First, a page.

U.S. Patent No. 8,208,142 B2 for Lung cancer detection by optical analysis of body fluids, was developed by Dr. Masilamani and Dr. Alsalhi, both members of KSU's Laser Chair in the Physics and Astronomy Department, along with Dr. Abdulrahman Al-Diab from the Colon Cancer Research Chair in the College of Medicine.
This invention is a method for detecting lung cancer in which samples of blood, urine and sputum (mucus coughed up from the lower airways) are analyzed using fluorescence spectroscopy.
The second patent, Method for discriminating between benign and malignant prostate tumors, identified Masilamani, Alsalhi and Dr. Danny M. Rabah of KSU's Princess Al-Jouhara Al-Ibrahim Centre for Cancer Research - Prostate Unit as inventors.
According to a World Health Organization (WHO) report last year, lung cancer has become one of the leading killers throughout the world. A high incidence of prostate cancer prevails throughout the world, as well, but is one of the more curable cancers if diagnosed in the early stages.
The methods used in the KSU innovations are relatively uncomplicated and inexpensive because small quantities of blood or urine can provide early detection and diagnosis of lung, prostate and other forms of cancer. In turn, if cancer is detected, specialists are afforded the opportunity to determine the quickest and most effective means of treatment. Early detection is considered paramount in the battle against cancer and other diseases.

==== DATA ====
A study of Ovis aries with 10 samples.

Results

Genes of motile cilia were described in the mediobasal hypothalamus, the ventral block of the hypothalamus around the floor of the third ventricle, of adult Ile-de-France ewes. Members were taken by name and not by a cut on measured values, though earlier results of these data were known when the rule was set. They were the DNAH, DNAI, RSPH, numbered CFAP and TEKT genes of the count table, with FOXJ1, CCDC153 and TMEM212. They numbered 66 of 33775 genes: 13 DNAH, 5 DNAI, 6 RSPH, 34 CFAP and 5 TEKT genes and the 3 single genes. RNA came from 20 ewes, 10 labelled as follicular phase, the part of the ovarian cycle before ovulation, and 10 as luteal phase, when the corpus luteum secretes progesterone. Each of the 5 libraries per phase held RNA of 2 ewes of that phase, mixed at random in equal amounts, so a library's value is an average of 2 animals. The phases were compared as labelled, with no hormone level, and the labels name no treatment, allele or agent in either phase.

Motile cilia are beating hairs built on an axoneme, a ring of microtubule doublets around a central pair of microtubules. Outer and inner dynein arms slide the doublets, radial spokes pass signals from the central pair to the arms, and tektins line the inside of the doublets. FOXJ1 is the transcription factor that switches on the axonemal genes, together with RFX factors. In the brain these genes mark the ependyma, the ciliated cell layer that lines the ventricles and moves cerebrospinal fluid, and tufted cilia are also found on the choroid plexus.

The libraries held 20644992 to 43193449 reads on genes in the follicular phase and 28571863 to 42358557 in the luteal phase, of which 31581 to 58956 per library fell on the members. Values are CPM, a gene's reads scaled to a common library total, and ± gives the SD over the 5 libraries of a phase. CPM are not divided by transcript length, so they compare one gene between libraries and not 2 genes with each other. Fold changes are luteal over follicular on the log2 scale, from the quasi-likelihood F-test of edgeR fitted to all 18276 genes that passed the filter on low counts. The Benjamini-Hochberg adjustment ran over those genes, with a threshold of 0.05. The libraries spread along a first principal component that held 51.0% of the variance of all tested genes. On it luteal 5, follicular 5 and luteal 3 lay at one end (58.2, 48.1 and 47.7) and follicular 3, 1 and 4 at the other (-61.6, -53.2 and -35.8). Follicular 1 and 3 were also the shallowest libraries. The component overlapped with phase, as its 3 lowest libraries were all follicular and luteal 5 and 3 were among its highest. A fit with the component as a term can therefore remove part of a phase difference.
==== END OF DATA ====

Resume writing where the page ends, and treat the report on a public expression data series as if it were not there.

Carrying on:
Dr. Khalid Al-Saleh, supervisor of the Intellectual Property and Technology Licensing (IPTL) program, said his program assumed further research and evaluation procedures for the two innovations until they were granted patents from the U.S Patent Office. The patents, he emphasized, further reflect the university’s commitment to excellence through cooperation and integrated partnerships with quality research centers, while adhering to the theoretical aspects of the traditional educational process.